ARE ALGORITHM TESTS IMPORTANT?
I have never had any interest in binary trees, and I don’t have a deep mathematical education. And not surprisingly, I usually do quite bad at algorithm tests. Does this mean that I didn’t do a good job at this company? I wouldn’t say so. As in most
companies, the majority of programming tasks and challenges were very different from developing a new programming language.
I was fully productive solving these other tasks, as well as providing skills that most of the other developers didn’t have. For example, I lead discussions about code structure and technology choices, introduced domain-driven design and clean code, talked about clean architecture, isolating business rules and defined a strategy for automatic testing. So, while I didn’t fulfil their wish that all developers should be excellent algorithm solvers, I added other highly valuable qualities.
My role became complementary, rather than competing with the skills of the other team members. This made the team stronger. With improved psychological safety and an including atmosphere, the team members increased their contributions both with spirit and skills they didn’t know they had. Read more about this approach in one of my blog posts: Teamwork – complement instead of compete.
The code test paradox
When a team is asked to set up a code test for new team members, they will often make the test cover areas of their own interest. So, even if there is an aim of broadening the range of skills within the team, they will end up finding new team members with the same skills and interests as of the already existing.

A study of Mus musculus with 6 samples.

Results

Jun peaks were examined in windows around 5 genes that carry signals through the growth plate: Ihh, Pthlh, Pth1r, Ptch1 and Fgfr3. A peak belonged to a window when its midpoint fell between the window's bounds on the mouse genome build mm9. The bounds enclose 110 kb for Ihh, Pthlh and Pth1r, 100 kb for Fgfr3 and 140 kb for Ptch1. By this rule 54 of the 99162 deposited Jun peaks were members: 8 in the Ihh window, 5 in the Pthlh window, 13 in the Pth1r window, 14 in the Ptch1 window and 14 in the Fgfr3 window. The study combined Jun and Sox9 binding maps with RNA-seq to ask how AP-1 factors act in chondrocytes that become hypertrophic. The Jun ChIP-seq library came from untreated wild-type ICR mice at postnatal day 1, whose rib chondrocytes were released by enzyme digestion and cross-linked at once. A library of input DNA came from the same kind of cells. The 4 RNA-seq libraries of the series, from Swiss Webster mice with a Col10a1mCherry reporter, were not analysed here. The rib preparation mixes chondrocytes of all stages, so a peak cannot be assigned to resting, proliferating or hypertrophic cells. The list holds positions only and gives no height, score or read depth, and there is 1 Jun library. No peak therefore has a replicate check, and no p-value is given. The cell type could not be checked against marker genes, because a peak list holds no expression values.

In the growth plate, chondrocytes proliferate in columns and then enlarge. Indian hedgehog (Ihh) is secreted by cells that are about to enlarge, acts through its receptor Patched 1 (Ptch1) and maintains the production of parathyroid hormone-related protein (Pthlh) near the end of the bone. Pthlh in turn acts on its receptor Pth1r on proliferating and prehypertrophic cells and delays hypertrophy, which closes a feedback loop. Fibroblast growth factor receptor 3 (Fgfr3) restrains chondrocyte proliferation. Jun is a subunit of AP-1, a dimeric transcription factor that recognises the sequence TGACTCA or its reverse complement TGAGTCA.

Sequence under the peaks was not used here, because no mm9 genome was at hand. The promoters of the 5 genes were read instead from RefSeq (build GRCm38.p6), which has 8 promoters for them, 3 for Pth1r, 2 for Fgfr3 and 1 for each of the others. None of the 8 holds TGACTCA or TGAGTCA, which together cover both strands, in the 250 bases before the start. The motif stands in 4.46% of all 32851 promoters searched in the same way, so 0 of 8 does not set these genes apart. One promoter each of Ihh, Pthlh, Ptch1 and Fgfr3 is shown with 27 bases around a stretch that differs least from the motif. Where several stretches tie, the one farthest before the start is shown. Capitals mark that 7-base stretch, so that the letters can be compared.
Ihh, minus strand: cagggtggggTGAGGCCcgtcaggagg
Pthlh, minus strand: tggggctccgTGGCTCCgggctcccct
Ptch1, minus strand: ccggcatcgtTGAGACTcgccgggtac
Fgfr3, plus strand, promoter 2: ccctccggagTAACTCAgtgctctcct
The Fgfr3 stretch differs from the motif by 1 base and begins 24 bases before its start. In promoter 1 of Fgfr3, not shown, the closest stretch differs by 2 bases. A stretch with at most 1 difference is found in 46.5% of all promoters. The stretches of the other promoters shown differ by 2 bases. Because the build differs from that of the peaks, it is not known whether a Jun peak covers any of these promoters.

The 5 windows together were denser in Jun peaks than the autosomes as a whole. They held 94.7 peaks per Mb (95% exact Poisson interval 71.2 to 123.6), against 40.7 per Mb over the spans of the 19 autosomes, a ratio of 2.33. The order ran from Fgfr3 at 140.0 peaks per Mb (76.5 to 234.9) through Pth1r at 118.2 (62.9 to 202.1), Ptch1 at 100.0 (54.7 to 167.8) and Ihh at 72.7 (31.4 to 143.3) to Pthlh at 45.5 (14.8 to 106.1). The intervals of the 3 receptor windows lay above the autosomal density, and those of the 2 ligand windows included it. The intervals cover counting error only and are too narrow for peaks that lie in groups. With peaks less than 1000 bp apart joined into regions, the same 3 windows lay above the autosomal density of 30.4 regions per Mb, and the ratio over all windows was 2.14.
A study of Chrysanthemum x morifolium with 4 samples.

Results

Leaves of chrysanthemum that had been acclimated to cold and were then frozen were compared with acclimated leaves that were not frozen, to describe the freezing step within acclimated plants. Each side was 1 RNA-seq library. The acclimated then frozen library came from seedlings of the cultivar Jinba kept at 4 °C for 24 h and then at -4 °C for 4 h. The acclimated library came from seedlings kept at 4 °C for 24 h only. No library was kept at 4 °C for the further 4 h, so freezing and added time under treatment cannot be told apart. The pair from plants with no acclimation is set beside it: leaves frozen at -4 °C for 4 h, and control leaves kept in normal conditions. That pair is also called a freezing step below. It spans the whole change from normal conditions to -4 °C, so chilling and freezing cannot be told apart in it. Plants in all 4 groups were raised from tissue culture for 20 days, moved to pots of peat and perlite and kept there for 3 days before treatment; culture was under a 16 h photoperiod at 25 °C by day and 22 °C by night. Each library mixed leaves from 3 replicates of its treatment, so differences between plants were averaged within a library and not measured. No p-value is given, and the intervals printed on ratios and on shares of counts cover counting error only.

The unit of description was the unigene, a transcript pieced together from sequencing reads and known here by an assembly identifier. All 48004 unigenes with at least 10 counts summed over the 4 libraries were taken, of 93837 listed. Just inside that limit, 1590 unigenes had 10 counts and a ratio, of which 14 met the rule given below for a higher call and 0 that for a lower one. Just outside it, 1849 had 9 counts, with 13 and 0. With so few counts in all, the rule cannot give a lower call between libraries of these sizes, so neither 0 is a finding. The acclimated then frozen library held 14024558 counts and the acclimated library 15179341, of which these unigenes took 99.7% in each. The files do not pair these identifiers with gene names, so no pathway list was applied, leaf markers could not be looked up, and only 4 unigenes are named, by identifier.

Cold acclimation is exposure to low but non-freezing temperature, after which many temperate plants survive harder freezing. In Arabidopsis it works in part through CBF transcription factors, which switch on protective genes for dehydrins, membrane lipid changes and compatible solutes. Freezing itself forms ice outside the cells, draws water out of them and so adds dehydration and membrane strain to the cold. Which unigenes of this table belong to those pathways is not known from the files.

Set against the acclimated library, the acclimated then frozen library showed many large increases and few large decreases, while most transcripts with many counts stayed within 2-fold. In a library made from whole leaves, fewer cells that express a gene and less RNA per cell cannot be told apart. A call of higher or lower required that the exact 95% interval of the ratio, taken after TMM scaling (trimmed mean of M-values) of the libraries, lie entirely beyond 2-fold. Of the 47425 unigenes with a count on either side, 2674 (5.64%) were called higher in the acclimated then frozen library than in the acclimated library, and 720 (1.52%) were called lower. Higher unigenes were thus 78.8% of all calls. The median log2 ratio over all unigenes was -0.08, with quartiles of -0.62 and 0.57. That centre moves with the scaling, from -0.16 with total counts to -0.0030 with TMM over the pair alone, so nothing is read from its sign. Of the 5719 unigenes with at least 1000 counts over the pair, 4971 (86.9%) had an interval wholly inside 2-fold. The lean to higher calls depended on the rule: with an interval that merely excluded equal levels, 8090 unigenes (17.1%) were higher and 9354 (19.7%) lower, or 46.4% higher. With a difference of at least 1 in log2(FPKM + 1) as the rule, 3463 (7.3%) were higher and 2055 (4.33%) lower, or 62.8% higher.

So, how should we formulate the tests?
I was recently part of an interesting team exercise. We were asked us to write some C# code to find the newest debutant in a list of musicians. Everybody wrote their code and uploaded it to Git. Together, we went through every solution and discussed it, having the person who wrote it explaining the different choices that were made. It was a simple task, but I was amazed by the number of different solutions! Some made it as short as possible, some used a more functional approach with Linq, some were more object oriented and yet others focused on class responsibilities.
When having a team with different personalities and different skills, the team output and code quality increase. We should adapt the code tests to find a person with a specific skill. If we need a team member with mathematical skills who should improve performance of our algorithms, then we use an algorithm test. If we need a techlead that should lead others and ensure code quality and technology choices, a technical discussion might be more clarifying than a code test.
In many cases, a test that shows how the developer handles business logic and structure their code is more interesting than if they are smart enough to solve a tricky problem.
A code test should evaluate the skills needed for a specific role or profile in the team. Preferably, the different test types are not only decided by the developers, but also by the team leader who might have a better overview.
Also, the purpose of tests is not only a way for the team to evaluate a new team member, but also a way for a job applicant to evaluate whether the role is a good match, or not. If the day-to-day development that should be performed is simple and repetitive, an extensive and algorithm-based code test might select a candidate that is smart but who will be bored by the actual job. This person might try to make the job more exciting by, e.g., overcomplicate the solutions, or leave for another job.